Office of Ethnic Ministries created; Greenville native named director


CHARLESTON  A lifelong St. Anthony of Padua parishioner from Greenville has been appointed by Bishop Robert J. Baker as the new diocesan director of Ethnic Ministries.

Kathleen Merritt, whose appointment was effective April 1, will head the new department, which incorporates the Office of Black Catholic Ministry and the Office of Hispanic Ministry.

Merritt said she is currently becoming more familiar with the diocese by meeting people, visiting parishes, and reading church documents dealing with multicultural ministry.

A psychotherapist in private practice in Greenville, Merritt holds a bachelor’s degree in psychology from the University of South Carolina in Columbia and a master’s degree in counseling from Webster University. In addition to her clinical practice, Merritt was employed by the Girl Souts as director of outreach services for the Old 96 Council.

She is pursuing her doctorate from The Union Institute in Cincinnati, Ohio, and is conducting research in the Upstate for the next year. Upon completion of her graduate studies, however, the diocesan director will relocate to Charleston.

In her private practice, Merritt said she works primarily with victims of domestic violence and other problems such as school truancy, where clients are referred under court order to obtain counseling.

Merritt said she was approached about applying for the diocesan position by Franciscan Father Paul Williams, her pastor at St. Anthony of Padua Church. “I’ve been there all my life,” she said.

Upon talking with the bishop and Sister Susan Schorsten, assistant to the vicar general, a dialogue was begun about the whole concept of multiethnic ministry.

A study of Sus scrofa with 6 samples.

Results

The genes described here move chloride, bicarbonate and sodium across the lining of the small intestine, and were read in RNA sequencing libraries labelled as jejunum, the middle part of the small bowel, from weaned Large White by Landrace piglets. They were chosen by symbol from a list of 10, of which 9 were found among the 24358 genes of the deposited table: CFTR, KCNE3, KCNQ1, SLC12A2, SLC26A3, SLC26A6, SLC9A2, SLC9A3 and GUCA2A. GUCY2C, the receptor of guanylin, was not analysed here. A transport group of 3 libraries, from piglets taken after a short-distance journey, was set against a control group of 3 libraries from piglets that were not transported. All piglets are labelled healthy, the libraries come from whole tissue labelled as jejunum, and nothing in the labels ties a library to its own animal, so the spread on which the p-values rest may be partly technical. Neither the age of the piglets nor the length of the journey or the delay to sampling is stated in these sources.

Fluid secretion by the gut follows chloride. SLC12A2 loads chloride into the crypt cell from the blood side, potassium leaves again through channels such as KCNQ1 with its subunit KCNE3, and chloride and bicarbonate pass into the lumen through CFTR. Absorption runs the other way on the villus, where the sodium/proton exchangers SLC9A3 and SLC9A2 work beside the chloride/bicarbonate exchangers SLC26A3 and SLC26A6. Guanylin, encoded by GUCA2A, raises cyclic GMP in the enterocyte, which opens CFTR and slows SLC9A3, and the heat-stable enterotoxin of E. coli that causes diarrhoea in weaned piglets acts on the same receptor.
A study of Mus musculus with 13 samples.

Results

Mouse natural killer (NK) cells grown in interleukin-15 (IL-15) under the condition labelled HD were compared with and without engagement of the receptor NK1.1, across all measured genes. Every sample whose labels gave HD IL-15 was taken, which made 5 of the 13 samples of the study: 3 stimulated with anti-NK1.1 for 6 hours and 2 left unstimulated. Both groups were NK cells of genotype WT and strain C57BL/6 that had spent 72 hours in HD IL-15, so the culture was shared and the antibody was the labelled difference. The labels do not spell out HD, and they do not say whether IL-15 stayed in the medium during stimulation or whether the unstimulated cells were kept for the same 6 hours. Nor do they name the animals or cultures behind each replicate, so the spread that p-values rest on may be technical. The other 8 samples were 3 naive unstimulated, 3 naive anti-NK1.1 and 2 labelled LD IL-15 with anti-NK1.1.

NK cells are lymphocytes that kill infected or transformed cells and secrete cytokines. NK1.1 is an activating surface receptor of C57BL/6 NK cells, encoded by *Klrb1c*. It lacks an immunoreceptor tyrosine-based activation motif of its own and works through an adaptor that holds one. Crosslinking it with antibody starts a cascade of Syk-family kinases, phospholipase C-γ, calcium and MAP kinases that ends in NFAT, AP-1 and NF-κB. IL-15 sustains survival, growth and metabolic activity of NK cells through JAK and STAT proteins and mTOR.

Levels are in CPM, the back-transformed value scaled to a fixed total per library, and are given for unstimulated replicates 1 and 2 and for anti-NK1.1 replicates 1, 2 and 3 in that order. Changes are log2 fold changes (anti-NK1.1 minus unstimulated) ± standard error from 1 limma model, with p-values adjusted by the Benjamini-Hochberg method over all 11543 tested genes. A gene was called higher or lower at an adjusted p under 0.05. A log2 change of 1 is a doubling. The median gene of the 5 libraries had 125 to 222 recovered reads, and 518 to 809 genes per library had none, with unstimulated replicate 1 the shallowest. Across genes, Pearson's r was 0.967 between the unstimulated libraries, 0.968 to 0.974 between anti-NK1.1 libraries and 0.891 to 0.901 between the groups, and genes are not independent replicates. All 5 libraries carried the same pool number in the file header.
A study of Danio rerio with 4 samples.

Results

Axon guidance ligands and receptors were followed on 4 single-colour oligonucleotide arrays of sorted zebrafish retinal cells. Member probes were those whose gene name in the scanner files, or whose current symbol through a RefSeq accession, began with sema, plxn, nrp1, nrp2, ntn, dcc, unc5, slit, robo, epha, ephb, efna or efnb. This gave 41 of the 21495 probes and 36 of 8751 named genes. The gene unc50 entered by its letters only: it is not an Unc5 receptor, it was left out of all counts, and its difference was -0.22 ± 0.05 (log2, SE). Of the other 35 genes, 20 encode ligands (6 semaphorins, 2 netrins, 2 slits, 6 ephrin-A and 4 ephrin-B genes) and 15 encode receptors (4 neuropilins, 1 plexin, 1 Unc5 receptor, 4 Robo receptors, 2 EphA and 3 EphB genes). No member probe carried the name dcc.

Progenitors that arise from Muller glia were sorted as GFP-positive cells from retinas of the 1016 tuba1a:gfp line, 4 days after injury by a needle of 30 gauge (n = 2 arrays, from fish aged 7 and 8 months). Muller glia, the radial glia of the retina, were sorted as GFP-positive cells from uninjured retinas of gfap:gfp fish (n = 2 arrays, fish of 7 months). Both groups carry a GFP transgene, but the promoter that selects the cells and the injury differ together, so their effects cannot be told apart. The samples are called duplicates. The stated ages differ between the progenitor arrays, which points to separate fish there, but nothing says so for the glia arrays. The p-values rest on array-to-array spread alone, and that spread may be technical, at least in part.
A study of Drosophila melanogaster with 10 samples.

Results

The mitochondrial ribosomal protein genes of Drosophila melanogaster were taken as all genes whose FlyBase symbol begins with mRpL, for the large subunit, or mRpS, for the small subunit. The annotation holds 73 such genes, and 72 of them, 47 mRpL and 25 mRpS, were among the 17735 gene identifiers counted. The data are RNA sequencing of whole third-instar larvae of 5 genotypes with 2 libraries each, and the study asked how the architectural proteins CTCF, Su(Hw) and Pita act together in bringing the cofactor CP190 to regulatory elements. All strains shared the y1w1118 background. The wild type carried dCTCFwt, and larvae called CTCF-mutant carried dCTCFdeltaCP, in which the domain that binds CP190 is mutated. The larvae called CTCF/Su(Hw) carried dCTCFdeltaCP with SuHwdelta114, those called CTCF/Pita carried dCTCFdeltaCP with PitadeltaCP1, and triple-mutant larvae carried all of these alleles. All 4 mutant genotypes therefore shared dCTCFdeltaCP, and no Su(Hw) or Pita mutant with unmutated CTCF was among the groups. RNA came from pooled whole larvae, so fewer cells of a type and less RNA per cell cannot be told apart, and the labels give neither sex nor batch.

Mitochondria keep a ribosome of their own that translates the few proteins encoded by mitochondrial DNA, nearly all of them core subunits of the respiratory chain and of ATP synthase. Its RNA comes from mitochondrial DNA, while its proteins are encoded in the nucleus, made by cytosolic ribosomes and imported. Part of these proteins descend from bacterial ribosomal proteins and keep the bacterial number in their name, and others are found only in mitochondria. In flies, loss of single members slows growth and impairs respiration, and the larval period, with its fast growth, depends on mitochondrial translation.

“Before, there were separated offices and the organizations were separate. Our initial conversations were based on that,” Merritt explained. “However, when I came down and met with the board, we started to talk about a whole new office in general.”

The diocesan director of Ethnic Ministries said her reading of papal documents on ethnicity emphasizes allowing groups to maintain their own culture.

“The challenge is offering ministry to ethnic groups where everyone is welcome in every church, yet allowing each to maintain their own heritage and traditions. The challenge is to find ways in which everyone fits into every church, where anyone can walk into a Catholic Church and feel welcome,” Merritt said, adding that she has experienced instances of feeling unwelcome in certain parishes because she is an African-American woman.

Merritt plans on conducting research into what works well in that initial contact, everything from music to greeters, and offering those suggestions to churches. “It’s being done well in a lot of parishes, but there are still a lot of groups that have to have basic needs filled.”

The new office director is now working to develop a six-month plan with goals and objectives, eventually extending that to a one-year plan, in addition to formulating a job description for the recently created position.

“I see this position as an opportunity to do a Catholic blitz, to inform people of what we are about,” said Merritt.

In the future, an assistant director will be hired for the department to also work with the various ethnic communities.

But for now, Merritt said forming an Advisory Committee is one of her first priorities, in addition to searching for available office space in the Greenville area.

“To be successful we have to do this as a team,” Merritt said, adding that, “I see myself working closely with all diocesan departments.”